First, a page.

Sunday, April 6, 2008

Women and Girls Out by 8:15

I've often thought it must be an odd experience for anyone just traveling through Utah to pull off the freeway at a local eatery about 8:15 pm on the first Saturday in either April or October. They would find themselves surrounded by famished hordes of men and teenage boys wearing white shirts and ties. It's a semi-annual male-bonding experience.

Unless you want to be waiting for a long time, you need a plan. Some eat dinner before the meeting and go for treats after. We like to go for dinner afterward. We've tried different strategies. When we went up to the Conference Center in Salt Lake City, we stopped afterwards at Crown Burgers on North Temple. Here we met a shoulder-to-shoulder crowd of hungry men and boys with a handful of bewildered out-of-towners. I think CB served about 15,000 people in an hour. The next visit to the Conference Center, we stopped at the Denny's just off the 4500 South exit. Here there was no crowd at all, but some suspicious looks from the few people there. (Don't people in Murray go to General Priesthood meeting? Or to they just not go to Denny's?) Getting out of the downtown certainly makes a difference. (You'll be dining late either way.)

Here in American Fork, we've tried Arctic Circle in Lehi (moderate crowd), Quiznos (moderate), JCW's (ridiculously crowded), and Gandalfo's (our little secret). In the race to your chosen place, a few minutes can make a huge difference. We've decided against going to a church closer to where we want to go, but we quickly learned that it's a good idea to back into your parking place and plan a route that involves mostly right turns. It's bad form to leave during the closing song, and you should at least put away any folding chair that you sat on, but otherwise, it's quickly out the door. Remember to drive with courtesy and caution, but also with purpose.

Don't even think about some place like Chili's, Applebee's, Cold Stone, or Maggie Moo's. These are probably still occupied by the mothers and daughters who basically own the town between 6-8 pm. But there oughtta be a rule that all girls need to clear out by 8:15. Ladies, it's in your best interest. Otherwise, you'll find yourself surrounded by deacons and their dads. (The only real difference between these two is the size of their bank account.)

Willie Mae's Scotch House

Willie Mae's Scotch House is old-fashioned Southern cooking at its best. This restaurant lies on St. Anne's Street in the Treme neighborhood just outside New Orleans' French Quarter. New York City's Ed Levine ("the missionary of the delicious") describes Willie Mae's fried chicken as the best he has ever had. After a recent trip to New Orleans, I have to agree.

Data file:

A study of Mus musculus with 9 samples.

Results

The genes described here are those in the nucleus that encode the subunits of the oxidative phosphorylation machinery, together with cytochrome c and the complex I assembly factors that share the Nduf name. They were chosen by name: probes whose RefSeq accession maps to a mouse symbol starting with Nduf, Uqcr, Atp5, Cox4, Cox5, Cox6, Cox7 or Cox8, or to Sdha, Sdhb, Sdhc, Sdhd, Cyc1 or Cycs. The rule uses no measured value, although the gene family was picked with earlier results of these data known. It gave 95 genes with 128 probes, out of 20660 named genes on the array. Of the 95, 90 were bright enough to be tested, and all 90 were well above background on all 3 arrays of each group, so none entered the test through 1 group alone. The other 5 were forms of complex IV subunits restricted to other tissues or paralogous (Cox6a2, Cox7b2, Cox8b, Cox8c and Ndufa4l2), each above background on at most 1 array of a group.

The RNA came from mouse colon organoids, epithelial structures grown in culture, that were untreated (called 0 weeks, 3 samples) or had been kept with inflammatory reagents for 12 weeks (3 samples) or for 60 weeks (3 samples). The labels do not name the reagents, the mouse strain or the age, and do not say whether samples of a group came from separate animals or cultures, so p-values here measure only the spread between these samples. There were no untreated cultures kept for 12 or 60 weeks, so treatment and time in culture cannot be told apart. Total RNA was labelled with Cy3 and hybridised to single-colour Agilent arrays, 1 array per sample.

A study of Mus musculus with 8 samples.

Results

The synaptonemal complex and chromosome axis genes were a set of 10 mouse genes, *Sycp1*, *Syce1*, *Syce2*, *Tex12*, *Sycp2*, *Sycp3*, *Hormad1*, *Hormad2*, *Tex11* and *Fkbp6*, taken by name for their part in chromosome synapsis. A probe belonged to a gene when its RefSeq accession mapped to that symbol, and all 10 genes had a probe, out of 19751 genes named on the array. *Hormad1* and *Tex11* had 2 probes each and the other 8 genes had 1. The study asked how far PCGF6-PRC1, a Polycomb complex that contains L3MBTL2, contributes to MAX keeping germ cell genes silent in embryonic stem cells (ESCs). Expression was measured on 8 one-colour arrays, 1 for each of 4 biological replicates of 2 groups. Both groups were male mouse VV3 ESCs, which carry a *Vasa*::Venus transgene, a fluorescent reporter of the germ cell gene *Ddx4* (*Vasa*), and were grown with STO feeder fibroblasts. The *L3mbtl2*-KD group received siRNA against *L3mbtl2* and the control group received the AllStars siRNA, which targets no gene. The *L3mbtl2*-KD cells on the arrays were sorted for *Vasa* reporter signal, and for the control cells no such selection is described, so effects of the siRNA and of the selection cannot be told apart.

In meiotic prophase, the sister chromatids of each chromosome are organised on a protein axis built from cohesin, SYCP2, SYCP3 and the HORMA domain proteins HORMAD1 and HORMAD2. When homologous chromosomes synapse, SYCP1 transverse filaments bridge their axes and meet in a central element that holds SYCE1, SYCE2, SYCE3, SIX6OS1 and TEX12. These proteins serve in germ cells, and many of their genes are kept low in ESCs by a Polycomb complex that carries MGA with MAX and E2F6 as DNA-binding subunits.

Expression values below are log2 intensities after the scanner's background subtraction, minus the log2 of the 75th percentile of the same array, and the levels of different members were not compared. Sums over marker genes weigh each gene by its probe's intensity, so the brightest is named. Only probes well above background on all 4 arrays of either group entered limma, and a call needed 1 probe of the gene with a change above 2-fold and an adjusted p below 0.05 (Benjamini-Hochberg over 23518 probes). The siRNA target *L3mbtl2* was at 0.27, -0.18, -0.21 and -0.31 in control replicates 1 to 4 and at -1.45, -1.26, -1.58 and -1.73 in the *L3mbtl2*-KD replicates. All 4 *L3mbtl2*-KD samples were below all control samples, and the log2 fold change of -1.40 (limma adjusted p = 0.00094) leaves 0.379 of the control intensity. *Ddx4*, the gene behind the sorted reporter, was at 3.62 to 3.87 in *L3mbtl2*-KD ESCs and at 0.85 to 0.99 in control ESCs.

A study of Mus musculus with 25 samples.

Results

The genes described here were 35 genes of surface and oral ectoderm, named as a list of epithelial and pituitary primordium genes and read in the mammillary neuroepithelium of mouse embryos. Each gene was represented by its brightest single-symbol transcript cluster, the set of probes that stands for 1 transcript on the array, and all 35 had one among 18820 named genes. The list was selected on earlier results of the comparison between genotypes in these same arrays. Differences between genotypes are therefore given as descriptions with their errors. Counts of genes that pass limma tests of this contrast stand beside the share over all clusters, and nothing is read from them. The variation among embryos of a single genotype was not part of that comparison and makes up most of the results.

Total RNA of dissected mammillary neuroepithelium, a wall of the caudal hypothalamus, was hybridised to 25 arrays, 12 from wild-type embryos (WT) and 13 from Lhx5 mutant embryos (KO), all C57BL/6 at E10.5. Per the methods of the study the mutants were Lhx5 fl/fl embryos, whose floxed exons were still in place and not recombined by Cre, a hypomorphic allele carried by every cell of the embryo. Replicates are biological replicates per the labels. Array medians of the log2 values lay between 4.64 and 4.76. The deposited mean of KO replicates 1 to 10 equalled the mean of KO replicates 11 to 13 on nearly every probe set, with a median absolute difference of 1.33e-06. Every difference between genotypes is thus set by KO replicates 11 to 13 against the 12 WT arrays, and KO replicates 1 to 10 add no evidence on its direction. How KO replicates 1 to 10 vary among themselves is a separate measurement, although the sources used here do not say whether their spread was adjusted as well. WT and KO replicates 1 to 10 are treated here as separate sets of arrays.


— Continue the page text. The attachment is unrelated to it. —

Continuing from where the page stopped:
For $10 you get three pieces of chicken. The chicken has a light flour coating that leads to a crisp skin (so crisp that it has a light "snap"). There's also a bit of heat from ground red pepper and whatever other spices they use. It's not overbearing, but it does sneak up on you a little. The chicken is moist and juicy and has probably been soaked in buttermilk. You get your choice of several sides: French fries, red beans and rice (my favorite), butter beans and rice, green beans and rice, potato salad, or green salad. You could also choose the breaded pork chop, which is about as good as the chicken. They have bread pudding for dessert (if you have room).

In 2005, after cooking chicken for nearly 50 years, Willie Mae won an "America's Classic" award from the James Beard Foundation, an award given to "down-home eateries that have carved out a special place on the American culinary landscape." Later that year, along with much of New Orleans, Willie Mae's restaurant was destroyed by Katrina and the flooding that followed. With only the clothes on her back and her Beard award in her purse, Willie Mae fled before the storm. When she returned, the restaurant had been ruined.

Led by the Beard Foundation and the Southern Foodways Alliance, volunteers stepped in almost immediately to rebuild and restore this legend. It's now run by Kerry Seaton, Willie Mae's great-granddaughter, who follows the original secret recipe.

The inspiring story of this rebuilding has been told in Gourmet Magazine, on the Travel Channel, on CNBC, and on Food Network's Good Food with Dave Lieberman.

If you're planning a trip to New Orleans, take a taxi out to Willie Mae's. The area right around the restaurant is safe, but it's a long walk from the French Quarter beneath the I-10 freeway (where you will still find dozens of tents housing those still displaced by the storm). The restaurant will gladly call you a cab for the return trip. Allow some time, because they take their time to get it right. You also want to get there earlier in the afternoon because they start running out of popular items (such as a the delicious Creole-style red beans and rice). They are open for lunch, 11-5.

Here is a great video telling the story, but it's several minutes long.